The formation of scar tissue after orthopedic surgery is a concern for most patients. The reality is that incisions will leave some type of scar, but it is possible to minimize scarring. Dr. Raj utilizes the best surgical techniques and technologies that can reduce the appearance and formation of scars.
Scars are a result of your body’s natural healing process. When you have an injury, the process of inflammation causes your blood to carry white blood cells and microscopic fibers to the injured area. White blood cells attack bacteria and other microorganisms, and fibers begin to wall off and repair the damaged area. The fibers form a strong mesh over the damaged area, tougher often than the surrounding skin.
Scar tissue can be unsightly, and it can sometimes inhibit movement or cause more serious problems. Post-surgical scar tissue can unfavorably alter joint range of motion, depending on the scar tissue’s location. Post-surgical scar tissue and adhesions can cause discomfort or pain, despite the fact that most scar tissue itself is not sensitive to pain. Scar tissue occurring after surgery may pull on other areas; compress nerves, blood vessels, and organs; and limit physiological functioning. This can cause pain or dysfunction. In fact, scar tissue can restrict many layers of muscle and connective tissue, which can cause varying degrees of pain or discomfort.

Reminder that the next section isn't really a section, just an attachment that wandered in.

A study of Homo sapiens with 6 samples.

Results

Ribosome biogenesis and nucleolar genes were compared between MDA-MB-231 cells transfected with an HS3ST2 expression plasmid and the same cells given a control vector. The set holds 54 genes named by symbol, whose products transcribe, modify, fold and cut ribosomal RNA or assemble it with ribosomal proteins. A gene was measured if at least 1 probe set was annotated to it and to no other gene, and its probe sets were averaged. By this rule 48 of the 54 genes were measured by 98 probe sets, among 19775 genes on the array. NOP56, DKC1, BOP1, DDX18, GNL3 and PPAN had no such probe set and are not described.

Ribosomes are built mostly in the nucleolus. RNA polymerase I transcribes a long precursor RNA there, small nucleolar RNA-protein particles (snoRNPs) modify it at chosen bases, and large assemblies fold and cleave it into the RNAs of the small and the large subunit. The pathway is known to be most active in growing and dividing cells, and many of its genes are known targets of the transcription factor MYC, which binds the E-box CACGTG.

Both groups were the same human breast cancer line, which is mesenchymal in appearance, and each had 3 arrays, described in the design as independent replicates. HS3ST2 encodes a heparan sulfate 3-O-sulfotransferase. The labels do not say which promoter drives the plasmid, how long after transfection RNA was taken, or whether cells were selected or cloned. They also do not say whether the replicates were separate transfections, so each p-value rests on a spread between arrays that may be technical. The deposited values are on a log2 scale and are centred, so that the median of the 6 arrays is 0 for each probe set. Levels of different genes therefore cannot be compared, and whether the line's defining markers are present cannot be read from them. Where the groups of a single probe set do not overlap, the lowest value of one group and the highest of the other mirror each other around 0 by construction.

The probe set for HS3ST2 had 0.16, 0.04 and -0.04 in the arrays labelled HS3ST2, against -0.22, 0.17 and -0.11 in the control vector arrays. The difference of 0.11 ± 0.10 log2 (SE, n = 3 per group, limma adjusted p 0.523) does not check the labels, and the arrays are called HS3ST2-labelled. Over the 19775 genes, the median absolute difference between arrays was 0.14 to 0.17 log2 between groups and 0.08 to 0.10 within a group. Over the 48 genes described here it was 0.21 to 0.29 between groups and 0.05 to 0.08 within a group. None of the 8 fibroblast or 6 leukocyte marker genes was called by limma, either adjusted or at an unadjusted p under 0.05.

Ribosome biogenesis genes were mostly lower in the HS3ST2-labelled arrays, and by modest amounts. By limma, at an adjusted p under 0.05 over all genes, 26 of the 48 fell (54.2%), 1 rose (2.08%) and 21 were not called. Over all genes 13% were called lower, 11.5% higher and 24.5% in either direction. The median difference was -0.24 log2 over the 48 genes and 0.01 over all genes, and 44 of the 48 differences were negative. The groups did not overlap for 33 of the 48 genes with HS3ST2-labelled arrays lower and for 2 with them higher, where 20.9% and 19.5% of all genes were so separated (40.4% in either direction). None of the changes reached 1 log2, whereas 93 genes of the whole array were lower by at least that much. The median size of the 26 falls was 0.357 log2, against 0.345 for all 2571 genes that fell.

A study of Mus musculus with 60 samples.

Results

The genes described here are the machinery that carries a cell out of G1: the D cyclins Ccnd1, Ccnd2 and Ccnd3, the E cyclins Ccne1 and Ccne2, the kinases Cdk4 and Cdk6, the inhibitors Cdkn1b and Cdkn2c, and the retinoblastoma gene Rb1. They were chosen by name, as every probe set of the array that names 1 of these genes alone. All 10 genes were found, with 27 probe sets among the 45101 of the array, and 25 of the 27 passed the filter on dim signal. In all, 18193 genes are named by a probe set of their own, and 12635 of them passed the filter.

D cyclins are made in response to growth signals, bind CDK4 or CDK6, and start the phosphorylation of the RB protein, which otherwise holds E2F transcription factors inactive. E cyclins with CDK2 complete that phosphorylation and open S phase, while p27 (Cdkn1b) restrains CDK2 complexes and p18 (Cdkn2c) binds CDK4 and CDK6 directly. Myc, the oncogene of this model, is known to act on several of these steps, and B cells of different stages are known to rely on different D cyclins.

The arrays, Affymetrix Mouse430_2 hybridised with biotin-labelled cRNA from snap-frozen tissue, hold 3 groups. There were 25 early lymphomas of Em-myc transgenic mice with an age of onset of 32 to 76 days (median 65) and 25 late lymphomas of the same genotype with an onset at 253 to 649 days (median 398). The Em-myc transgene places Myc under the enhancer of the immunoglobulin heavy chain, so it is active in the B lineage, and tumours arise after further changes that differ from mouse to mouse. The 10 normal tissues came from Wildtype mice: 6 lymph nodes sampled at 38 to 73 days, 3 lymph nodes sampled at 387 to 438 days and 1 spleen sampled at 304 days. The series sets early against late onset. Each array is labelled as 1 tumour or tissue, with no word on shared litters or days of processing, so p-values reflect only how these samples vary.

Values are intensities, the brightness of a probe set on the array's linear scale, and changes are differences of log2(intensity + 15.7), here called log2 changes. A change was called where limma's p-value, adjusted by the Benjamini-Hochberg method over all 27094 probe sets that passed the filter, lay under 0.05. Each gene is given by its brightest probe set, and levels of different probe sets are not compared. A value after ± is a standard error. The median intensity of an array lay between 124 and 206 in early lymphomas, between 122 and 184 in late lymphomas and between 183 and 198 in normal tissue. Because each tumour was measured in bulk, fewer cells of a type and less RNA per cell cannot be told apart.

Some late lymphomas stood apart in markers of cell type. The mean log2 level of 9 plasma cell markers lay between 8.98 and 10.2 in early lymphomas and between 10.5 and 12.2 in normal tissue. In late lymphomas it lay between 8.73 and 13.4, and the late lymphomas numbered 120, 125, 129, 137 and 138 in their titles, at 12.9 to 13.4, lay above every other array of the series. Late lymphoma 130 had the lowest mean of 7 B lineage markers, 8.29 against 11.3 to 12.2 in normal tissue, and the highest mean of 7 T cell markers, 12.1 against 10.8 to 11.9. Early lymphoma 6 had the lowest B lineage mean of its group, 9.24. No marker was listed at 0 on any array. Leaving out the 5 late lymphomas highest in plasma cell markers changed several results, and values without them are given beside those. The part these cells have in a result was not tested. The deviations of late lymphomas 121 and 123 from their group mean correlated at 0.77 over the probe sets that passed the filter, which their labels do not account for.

Scar tissue is weaker, less elastic, and more prone to re-injury than normal, healthy tissue. This can lead to chronic pain if it affects the functioning of other structures–especially nerves and blood vessels. Painful post-surgical scar tissue may also indicate the presence of an infection in the involved area, which should be evaluated by a physician as soon as possible.
If you are considering orthopedic surgery, schedule an appointment with Dr. Raj, one of the best Orthopedic Surgeons in Beverly Hills and Los Angeles, CA, Dr. Raj provides the ultimate in state-of -the-art quality orthopedic care available and is always on the cutting edge of the latest surgical and nonsurgical technologies.